As the 15th anniversary of 9/11 closes in, one particular group has been seeing the possible ever since, for veterans and first responders.

The Stephen Siller Tunnel to Towers foundation's mission is "Building for America’s Bravest", and is See The Possible at it’s finest.

Army Sgt. Joshua Stahl, 27, of North Canton fits that bill.

The father of 5 served 2 tours of duty and was injured by an IED Afghanistan in 201.

"I felt my body shoot up and I could see my legs go," said Stahl. "It was 60 pounds of explosives and it took my legs away from me."

It was 60 pounds of equipment that another father of 5, New York firefighter Stephen Siller, grabbed out of his car September 11, 2001.

He was off duty when he heard about the attack on the towers.

In his car, he was unable to get through the Brooklyn-Battery Tunnel, so he ran the 2 miles through the tunnel to the World Trade Center to help out.

Siller was never seen again.

This year, a record 30,000+ will follow in Sillers footsteps and run that "tunnel to towers" route in New York, as they have now for 15 years.

"The Siller family really wanted people to never forget what our country experienced after 9/11," says Tunnel To Towers' Race Director, Mark Phillips. “They fell like our military really picked up the ball in fighting terrorism since then and we want to show them, we’ll never forget the sacrifices they’ve made."

So the T2T foundation was formed.

They’ve built more than 40 smart homes with the latest technology like countertops and cabinets that lower to make life easier for injured veterans, police officers and firefighters

The Stahl family's smart home is already being built in North Canton.

It means more independence for Josh from his wheelchair, and even independence for his wife, Truda, and other spouses. Phillips says they find relief in the veteran’s newfound independence, as well.

"I'm looking forward to it a lot because here I have to climb up onto the counters to get into the cabinets," said Stahl.

"These homes are custom designed for each service member. No two are alike. We have 200 on the waiting list nationwide," said Phillips.

Almost 50 of them, like the Stahl’s, are finished or under construction right now.

They are smart homes made possible by fundraisers like T2T runs.

Twenty nine cities will host runs this year.

Medina has been the Buckeye State’s host for four years.

This year Phillips expects a record number of runners for the race on Sept 11th.

You can register for the race by clicking here.

"The message we send to these families is no, we have not forgotten," said Phillips.

It’s a message not lost on Stahl either.

He wears a killed in action band for a fallen brother.

"Because it’s a reminder that not everyone I served with came home. Especially after I managed to make it home," said Stahl.

It’s also why Sgt. Joshua Stahl has done the T2T race in New York, right beside runners.

That's how this hero who doesn't want to be called a hero rolls--paying honor to those who paid with all their tomorrows for the rest of our todays.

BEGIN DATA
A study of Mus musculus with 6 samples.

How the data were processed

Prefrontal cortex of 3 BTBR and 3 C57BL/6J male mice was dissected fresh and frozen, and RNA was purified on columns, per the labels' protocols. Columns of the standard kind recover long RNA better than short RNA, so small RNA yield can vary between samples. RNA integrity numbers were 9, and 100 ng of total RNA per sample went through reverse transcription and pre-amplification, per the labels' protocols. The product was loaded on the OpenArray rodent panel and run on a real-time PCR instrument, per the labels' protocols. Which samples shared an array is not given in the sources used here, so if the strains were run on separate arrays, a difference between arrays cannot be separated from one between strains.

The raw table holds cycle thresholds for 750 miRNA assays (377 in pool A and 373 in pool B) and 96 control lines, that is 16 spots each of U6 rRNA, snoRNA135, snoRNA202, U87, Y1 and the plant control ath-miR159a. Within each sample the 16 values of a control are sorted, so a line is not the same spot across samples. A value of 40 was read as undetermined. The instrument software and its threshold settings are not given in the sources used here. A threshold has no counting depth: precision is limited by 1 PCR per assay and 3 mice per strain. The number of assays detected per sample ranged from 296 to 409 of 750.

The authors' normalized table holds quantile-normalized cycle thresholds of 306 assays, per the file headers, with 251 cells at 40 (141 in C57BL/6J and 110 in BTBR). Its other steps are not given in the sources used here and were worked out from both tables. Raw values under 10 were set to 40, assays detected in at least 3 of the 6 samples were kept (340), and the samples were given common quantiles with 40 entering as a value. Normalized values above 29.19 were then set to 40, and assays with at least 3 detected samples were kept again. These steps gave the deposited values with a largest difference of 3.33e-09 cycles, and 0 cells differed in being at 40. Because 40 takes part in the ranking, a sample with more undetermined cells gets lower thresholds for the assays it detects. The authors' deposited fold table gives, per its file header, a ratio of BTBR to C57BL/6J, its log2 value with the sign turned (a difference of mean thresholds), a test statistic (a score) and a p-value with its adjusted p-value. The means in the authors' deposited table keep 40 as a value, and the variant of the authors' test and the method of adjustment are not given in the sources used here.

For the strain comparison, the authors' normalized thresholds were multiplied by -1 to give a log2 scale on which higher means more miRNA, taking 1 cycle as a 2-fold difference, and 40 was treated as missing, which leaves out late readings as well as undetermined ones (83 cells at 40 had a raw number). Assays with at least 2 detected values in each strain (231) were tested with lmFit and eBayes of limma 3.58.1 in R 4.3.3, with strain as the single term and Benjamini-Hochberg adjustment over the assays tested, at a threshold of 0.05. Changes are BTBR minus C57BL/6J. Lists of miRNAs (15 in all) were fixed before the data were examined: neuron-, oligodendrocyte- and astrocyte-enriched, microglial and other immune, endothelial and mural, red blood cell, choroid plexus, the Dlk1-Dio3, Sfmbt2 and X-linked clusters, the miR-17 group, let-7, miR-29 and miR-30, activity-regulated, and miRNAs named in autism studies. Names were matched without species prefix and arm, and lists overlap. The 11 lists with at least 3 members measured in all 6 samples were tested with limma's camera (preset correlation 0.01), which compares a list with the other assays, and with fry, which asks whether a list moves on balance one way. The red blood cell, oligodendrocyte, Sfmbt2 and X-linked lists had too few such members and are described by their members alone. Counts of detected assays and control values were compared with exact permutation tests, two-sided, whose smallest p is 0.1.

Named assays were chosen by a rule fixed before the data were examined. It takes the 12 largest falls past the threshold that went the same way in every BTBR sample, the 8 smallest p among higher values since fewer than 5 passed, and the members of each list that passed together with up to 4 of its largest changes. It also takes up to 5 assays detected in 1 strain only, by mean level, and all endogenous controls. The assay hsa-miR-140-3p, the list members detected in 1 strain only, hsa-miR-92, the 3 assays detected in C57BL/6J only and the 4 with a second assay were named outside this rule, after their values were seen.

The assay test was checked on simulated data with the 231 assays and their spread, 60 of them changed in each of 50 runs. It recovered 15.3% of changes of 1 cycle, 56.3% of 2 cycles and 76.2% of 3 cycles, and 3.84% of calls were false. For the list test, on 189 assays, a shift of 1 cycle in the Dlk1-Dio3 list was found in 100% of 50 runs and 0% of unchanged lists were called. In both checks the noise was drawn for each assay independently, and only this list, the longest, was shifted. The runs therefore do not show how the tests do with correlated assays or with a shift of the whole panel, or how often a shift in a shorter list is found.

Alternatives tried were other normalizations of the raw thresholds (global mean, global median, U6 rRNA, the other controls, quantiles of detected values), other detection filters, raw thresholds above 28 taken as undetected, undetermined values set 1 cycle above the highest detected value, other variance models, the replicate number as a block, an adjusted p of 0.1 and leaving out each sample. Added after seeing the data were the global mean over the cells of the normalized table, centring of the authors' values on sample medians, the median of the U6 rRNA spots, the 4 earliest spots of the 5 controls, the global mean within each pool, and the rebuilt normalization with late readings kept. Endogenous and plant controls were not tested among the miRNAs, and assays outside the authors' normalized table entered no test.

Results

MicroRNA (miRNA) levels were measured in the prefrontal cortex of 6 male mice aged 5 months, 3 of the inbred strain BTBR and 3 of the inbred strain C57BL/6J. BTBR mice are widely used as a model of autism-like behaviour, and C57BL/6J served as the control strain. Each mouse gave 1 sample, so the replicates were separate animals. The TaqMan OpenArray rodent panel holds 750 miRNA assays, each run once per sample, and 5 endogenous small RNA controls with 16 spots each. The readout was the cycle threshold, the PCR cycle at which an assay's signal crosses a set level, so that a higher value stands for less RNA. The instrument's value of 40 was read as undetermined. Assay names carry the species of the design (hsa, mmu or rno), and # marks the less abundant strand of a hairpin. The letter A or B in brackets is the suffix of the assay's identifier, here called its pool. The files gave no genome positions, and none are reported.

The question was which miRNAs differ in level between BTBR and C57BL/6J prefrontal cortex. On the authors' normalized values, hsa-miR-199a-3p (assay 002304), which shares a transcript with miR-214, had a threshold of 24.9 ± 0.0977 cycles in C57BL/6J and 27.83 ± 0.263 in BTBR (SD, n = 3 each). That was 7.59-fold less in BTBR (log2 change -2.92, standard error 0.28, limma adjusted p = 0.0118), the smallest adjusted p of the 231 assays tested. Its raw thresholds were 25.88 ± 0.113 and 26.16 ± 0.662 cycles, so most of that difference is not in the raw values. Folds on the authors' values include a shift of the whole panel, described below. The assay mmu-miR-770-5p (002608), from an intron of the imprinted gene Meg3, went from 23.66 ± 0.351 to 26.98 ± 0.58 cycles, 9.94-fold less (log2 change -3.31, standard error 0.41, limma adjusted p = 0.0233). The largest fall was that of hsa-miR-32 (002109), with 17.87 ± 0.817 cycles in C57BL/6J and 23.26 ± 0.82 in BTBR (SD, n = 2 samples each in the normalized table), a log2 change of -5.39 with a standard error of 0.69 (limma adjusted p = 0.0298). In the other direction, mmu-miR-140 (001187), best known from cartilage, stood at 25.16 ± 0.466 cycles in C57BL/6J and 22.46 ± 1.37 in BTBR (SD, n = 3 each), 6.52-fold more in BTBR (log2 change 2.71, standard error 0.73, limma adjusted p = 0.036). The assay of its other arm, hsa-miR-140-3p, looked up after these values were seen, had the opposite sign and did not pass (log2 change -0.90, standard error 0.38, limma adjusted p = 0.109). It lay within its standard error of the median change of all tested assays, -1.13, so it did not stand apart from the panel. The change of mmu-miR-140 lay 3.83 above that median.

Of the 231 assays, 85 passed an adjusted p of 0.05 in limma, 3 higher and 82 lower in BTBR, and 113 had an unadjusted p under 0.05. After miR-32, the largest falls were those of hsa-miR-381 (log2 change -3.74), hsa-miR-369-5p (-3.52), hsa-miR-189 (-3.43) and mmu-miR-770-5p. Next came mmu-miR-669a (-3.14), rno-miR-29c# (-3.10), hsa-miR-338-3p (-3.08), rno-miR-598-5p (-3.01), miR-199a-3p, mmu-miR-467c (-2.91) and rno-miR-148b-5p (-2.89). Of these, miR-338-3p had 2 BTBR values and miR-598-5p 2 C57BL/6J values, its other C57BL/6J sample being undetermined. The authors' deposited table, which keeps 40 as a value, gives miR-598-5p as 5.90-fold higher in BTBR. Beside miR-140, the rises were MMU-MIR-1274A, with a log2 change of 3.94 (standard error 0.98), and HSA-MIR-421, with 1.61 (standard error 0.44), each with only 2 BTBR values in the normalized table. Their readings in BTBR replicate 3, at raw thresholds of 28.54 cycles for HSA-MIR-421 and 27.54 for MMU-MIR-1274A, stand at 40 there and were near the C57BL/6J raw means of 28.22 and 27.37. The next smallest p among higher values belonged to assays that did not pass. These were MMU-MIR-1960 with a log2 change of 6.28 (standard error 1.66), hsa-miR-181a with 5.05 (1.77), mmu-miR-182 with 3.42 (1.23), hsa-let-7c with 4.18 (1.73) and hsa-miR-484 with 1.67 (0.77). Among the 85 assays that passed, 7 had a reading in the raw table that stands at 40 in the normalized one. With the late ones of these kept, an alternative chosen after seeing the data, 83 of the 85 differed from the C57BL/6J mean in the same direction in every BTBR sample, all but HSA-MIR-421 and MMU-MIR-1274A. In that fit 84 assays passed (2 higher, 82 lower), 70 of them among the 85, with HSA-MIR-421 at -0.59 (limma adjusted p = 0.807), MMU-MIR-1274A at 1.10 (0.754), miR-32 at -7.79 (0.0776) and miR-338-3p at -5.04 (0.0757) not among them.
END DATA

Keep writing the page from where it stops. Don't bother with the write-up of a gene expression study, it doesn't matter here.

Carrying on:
It’s the same reason the growing army that runs in the name Stephen Siller as well as all who came after, honors Sgt. Stahl.

It’s why they build smart homes for Stahl’s entire family, with the keys to the house comes independence.

It’s the gift of as normal of a life as can be expected after leaving your legs in Afghanistan in the name of freedom.

There is no price that can be paid for that sacrifice, but T2T has raised $70 million dollars since 2001 for heroes like Sgt. Joshua Stahl.

“What I did was what I chose to do so I don't call it a sacrifice," said Stahl.

But $70 million says supporters of the Tunnel to Towers Foundation DO believe he’s done something heroic.

“I know. That's why I smile,” Stahl said, with a huge smile that gives him away.

This wounded warrior who hated running in boot camp, now without his legs, weighs in with a perspective check for all of us.

"I can’t get up and stretch my body like runners do and run for miles until your body hurts. My body just hurts from sitting in a wheelchair," says Stahl.

But he refuses to do pain meds that he said make him "not himself".

On a good day, he says his pain level is an 8 on a scale of 1-10.

What he wouldn't give now to do what runners do.

Now, thousands across the country run the 2T2 races for heroes like Stahl.

So fitting that the T2T mantra is “while we are here, let us do good."

Stephen Siller probably could not have fathomed 15 years ago, just how far reaching his "while we are here let us do good" reflex would have been.

Besides building smart homes, T2T has paid off mortgages for families of police officers killed in the line of duty.

They have sent checks for $100,000 to the families of each of the five murdered police officers in Dallas,

The instinct to save lives that came so naturally for Stephen Siller, and the instinct of his family to carry it on, is why the Stephen Siller Tunnel 2 Towers story is going straight into Channel 3’s #thegoodstuff file.